Normally, experienced drivers reflect on their careers and have some advice for their younger and immature selves. However, Ferrari driver Sebastian Vettel elected to buck that trend. He insisted that he has no wisdom to impart to his younger self. Instead, he believes that “everything happens for a reason”.
The German driver burst on the F1 scene as a 19-year-old substitute for an injured Robert Kubica. As it turned out, the Polish driver suffered a brutal crash in Canada. So the BMW Sauber team roped in Vettel at the 2007 US Grand Prix, finishing in the points on his debut.
Since then, he has notched up over 200 grand prix starts, 53 victories, 57 pole positions and four drivers’ championships. Sadly, his form has waned In recent times, and he has copped plenty of criticism. This is largely due to his frequent on-track errors, which have proven costly.
During a Scuderia Ferrari fan Q&A on social media, Vettel opened up on the setbacks. He confessed that the errors were simply part of the game and have helped him grow.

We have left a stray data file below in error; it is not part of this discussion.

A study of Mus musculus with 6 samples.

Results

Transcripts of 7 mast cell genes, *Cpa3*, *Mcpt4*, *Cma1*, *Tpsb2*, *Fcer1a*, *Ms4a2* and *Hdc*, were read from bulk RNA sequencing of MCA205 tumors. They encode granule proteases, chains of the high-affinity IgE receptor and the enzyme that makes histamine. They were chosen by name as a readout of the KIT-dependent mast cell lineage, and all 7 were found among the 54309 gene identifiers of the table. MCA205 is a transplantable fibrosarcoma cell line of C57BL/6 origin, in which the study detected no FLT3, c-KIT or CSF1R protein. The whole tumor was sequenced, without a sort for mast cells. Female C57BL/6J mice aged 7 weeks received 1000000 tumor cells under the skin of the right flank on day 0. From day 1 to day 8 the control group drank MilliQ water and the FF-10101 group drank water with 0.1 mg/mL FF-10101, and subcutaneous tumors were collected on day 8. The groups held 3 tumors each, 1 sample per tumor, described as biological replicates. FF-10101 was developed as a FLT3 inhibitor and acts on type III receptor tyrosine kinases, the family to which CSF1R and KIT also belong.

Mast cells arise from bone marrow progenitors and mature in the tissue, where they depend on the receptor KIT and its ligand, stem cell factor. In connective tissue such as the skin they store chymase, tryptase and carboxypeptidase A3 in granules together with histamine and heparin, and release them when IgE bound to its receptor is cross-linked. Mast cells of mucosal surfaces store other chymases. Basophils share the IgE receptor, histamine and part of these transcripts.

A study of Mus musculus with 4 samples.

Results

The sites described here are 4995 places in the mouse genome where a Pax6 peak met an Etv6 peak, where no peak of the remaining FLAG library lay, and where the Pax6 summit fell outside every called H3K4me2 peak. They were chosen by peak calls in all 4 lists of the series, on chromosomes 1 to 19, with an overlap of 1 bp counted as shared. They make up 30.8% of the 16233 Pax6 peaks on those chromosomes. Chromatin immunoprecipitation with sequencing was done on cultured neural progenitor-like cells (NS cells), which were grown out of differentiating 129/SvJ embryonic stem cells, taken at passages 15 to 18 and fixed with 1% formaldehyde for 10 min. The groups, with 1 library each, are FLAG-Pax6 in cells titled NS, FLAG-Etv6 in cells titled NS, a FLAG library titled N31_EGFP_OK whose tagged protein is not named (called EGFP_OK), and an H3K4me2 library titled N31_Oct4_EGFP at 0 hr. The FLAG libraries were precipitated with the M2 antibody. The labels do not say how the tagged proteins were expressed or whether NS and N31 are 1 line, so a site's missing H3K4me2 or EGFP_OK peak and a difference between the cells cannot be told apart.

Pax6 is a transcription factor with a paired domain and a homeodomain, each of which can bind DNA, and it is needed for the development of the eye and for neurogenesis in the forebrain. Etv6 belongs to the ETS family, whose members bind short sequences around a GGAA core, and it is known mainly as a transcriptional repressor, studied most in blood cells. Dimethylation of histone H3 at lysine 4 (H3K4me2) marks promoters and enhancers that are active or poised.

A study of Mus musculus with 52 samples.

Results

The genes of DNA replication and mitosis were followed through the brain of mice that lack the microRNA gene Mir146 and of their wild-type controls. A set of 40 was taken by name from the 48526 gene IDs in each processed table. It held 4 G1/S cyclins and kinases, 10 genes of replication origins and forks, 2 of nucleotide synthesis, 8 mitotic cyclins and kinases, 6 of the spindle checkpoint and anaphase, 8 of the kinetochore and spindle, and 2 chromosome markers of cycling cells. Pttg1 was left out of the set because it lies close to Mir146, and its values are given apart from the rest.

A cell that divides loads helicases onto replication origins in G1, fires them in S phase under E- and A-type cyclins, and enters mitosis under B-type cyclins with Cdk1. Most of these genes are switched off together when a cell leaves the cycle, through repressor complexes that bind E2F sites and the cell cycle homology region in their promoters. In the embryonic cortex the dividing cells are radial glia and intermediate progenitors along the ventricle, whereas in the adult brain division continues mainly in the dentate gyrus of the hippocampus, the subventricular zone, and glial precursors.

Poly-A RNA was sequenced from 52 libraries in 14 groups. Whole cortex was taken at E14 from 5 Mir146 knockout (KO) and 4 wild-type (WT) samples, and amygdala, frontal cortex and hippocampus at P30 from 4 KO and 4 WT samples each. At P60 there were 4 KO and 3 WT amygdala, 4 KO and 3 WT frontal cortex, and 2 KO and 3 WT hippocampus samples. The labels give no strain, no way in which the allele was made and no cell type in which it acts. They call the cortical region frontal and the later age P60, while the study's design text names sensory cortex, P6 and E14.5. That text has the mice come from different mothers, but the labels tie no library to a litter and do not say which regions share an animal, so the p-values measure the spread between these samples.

What did Sebastian Vettel say?
“I wouldn’t like to give any advice [to myself],” Vettel admitted. “I think everything that happened, happened for a reason. Obviously I’m very lucky and fortunate, having had the career I had so far, and I don’t think I’d be interested in any shortcuts. Even if there were difficult times I think you always have the ability to come out stronger.”
It is also note-worthy that Vettel’s contract is a highly debated subject. When he spoke about that, he confessed that if he does hang up his boots, he may venture into the engineering field.
“Before I started professionally, and before I started my career, when I finished high school, I was planning to go to university and study mechanical engineering,” he said. “So, probably, it is something that I can think of. I’ve developed a lot of other interests in the meantime, but still it’s always something that fascinates me – to know and understand how things work.”
He concluded by revealing that he is fond of learning of the car’s nuances and development.